Leaving the Obama Economy Behind

By at 28 September, 2018, 11:38 am

by Raymond J. Keating-

There is very good news on the economic front, and hopefully more good news to come. But none of the current period of growth has anything to do with the policies of President Barack Obama, who tried to grab some credit earlier this month.

In a recent speech, Obama said, “So when you hear how the economy is doing right now, let’s just remember when this recovery started.”

True, but let’s also point out that the economic recovery/expansion that began in mid-2009 grossly under-performed.

For example, the real GDP growth rate from mid-2009 to the end of 2016, averaged a mere 2.3 percent, compared to a post-WWII average of 3.2 percent. For good measure, during periods of recovery/expansion, real GDP growth normally ran in excess of 4 percent.

The Obama recovery/expansion in terms of actual economic growth ranks as one of the worst on record. Why?

The key reason was policy. Specifically, the Obama years were marked as years of tax increases – such as under ObamaCare and the tax increase of 2013 – and a period of hyper-regulation. It should have surprised no one that piling additional and considerable burdens onto the backs of entrepreneurs, businesses, investors and workers resulted in a poor economy.

In contrast, on the tax and regulatory front, the Trump administration has turned federal policymaking in a different, positive direction. Regulatory policy has been largely focused on stopping the imposition of additional regulatory burdens, while also rolling back assorted burdens that were imposed or were on the way.

The current direction of policy, is a welcome change from the Obama administration’s anti-business, pro-regulation emphasis, having the immediate benefit of stopping the bleeding, working to encourage investment and innovation, and shift actual resources away from counter-productive regulatory matters to productive efforts.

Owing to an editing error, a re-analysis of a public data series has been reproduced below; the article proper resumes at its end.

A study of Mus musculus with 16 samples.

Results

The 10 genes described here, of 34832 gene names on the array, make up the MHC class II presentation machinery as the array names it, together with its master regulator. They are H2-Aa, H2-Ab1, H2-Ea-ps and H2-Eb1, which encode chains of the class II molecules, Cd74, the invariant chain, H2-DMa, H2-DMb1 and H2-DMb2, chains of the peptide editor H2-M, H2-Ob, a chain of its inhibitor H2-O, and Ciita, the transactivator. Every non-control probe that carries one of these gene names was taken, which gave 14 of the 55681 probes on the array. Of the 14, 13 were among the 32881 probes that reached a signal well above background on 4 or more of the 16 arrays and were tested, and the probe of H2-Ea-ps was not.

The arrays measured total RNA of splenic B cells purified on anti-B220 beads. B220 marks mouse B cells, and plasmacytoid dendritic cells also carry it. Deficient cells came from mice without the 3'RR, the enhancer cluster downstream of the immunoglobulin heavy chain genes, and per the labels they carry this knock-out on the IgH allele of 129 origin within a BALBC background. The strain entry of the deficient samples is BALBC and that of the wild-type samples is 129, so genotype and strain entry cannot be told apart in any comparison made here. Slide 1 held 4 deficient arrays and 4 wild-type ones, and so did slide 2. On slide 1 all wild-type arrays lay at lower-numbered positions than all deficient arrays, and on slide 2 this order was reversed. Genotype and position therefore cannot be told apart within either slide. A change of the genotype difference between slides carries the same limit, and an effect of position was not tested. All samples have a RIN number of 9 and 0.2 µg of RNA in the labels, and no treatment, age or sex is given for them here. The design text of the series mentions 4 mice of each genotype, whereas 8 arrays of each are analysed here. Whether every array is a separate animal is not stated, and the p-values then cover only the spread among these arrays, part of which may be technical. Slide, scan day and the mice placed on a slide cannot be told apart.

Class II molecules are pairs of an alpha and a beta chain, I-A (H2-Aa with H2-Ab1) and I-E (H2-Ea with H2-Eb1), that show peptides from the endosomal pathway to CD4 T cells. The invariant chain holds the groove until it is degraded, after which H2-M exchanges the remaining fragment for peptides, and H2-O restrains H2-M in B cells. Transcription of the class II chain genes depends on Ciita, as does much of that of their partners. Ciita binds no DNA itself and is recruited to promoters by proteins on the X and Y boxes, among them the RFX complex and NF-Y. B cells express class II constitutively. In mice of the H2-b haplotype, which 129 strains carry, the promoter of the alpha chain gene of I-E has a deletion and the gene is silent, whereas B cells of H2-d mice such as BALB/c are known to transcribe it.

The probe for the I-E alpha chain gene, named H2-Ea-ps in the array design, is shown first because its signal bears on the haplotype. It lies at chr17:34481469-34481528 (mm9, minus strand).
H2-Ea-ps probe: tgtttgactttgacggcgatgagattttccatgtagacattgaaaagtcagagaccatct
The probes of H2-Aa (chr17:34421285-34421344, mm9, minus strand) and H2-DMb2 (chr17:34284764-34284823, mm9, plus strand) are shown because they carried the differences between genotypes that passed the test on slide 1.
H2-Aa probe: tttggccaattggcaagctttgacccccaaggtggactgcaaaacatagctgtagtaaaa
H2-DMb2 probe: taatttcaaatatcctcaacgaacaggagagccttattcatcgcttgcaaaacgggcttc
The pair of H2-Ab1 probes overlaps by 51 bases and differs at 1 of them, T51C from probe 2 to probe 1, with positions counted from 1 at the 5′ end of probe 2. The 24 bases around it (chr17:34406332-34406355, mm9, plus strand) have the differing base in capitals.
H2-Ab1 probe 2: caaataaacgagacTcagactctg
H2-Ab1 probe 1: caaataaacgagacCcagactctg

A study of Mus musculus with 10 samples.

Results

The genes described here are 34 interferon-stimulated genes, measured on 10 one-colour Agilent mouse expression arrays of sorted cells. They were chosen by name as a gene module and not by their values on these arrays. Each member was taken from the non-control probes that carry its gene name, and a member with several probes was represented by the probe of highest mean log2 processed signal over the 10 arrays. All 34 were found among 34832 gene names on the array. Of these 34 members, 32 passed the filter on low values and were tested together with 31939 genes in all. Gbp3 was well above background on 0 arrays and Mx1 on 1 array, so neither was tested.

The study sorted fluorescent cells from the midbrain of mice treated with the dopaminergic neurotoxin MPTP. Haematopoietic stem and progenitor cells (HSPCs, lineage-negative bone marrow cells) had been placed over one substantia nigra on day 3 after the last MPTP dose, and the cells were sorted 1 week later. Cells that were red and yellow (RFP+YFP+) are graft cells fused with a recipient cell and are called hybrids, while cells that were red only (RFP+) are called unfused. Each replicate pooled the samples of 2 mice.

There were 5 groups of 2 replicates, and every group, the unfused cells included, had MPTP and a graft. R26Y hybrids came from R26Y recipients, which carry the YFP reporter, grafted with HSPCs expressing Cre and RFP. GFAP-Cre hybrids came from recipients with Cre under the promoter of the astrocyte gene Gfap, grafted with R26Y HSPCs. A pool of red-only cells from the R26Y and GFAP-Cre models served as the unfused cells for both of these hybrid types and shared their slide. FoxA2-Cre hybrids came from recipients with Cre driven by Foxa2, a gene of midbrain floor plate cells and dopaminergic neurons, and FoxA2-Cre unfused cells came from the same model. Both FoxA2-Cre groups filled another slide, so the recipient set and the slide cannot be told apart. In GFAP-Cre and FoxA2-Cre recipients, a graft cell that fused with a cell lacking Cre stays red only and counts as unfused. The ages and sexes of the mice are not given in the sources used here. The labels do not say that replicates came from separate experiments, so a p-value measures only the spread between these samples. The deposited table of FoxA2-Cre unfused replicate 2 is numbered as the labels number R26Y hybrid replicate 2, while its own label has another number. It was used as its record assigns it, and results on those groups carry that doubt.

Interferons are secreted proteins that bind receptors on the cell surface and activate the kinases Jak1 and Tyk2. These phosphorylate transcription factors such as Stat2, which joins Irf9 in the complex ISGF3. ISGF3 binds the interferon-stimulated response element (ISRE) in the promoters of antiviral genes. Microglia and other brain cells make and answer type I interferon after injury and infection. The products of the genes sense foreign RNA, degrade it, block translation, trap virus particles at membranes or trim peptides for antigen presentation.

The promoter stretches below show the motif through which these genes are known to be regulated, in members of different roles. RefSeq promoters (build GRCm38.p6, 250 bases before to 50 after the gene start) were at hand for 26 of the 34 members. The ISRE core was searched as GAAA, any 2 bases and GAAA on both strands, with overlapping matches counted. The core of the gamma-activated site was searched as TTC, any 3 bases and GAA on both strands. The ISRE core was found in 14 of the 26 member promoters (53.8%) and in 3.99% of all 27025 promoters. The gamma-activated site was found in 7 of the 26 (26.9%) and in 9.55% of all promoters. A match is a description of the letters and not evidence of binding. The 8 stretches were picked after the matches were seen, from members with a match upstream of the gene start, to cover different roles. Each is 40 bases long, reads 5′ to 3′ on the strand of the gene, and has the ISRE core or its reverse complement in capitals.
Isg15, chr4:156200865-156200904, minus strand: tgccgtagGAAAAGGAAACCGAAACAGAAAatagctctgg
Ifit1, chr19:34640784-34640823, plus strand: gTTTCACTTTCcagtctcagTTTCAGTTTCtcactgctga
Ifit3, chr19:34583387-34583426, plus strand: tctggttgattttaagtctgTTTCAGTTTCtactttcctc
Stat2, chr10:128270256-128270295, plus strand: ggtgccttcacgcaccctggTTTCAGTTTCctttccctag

As for taxes, the business tax relief and reform signed into law in late December 2017 clearly moved tax policy in a new direction by, for example, reducing income tax rates for U.S. businesses, and enhancing incentives for capital investment.

We’ve started to see results in the economic numbers.

For example, at the start of 2017 and since, the U.S. has experienced strong growth in business investment. Specifically, real private nonresidential investment has grown at an average rate of 6.2 percent. That six-quarters average is a striking upturn from the previous six-quarters average, which was a lowly 1.8 percent. For good measure, the 6.2 percent growth rate in business investment since the start of 2017 was notably higher than the 5.3 percent rate prevailing throughout the entire Obama recovery/expansion period from the third quarter 2009 to the end of 2016.

Investment, of course, drives current and future economic growth. Real GDP growth took a major step up in the second quarter of this year, hitting 4.2 percent. That was the first quarter of growth topping four percent since the third quarter of 2014. For good measure, real GDP in excess of four percent was achieved in only four of the 30 quarters from mid-2009 to the fourth quarter of 2016. Looking ahead, a variety of forecasts point to real GDP hitting 4 percent once again in the third quarter of this year.

In the end, policy matters. While there are concerns regarding trade and immigration policies under President Trump, the directions on tax and regulatory policy clearly have been positive – and that’s notably different from the Obama years. In fact, a wide array of tax and regulatory policies from the Obama years persist in working against advancing entrepreneurship, investment and economic growth. So, the effects of President Obama’s policies still are being felt, but not in a productive sense.

Related SBE Council content:

“The Effects of Regulatory Policy and Its Effect on the Economy and Business Growth,” Testimony of SBE Council president & CEO Karen Kerrigan before the Subcommittee on Regulatory Affairs and Management, Committee on Homeland Security and Government Affairs, United State Senate, September 27, 2018

“Empowering a Pro-Growth Economy by Cutting Taxes and Regulatory Red Tape,” Testimony of SBE Council president & CEO Karen Kerrigan before the House Financial Services Committee, June 21, 2018.


Raymond J. Keating is chief economist for the Small Business & Entrepreneurship Council.

Keating’s latest book published by SBE Council is titled Unleashing Small Business Through IP:  The Role of Intellectual Property in Driving Entrepreneurship, Innovation and Investment and it is available free on SBE Council’s website here.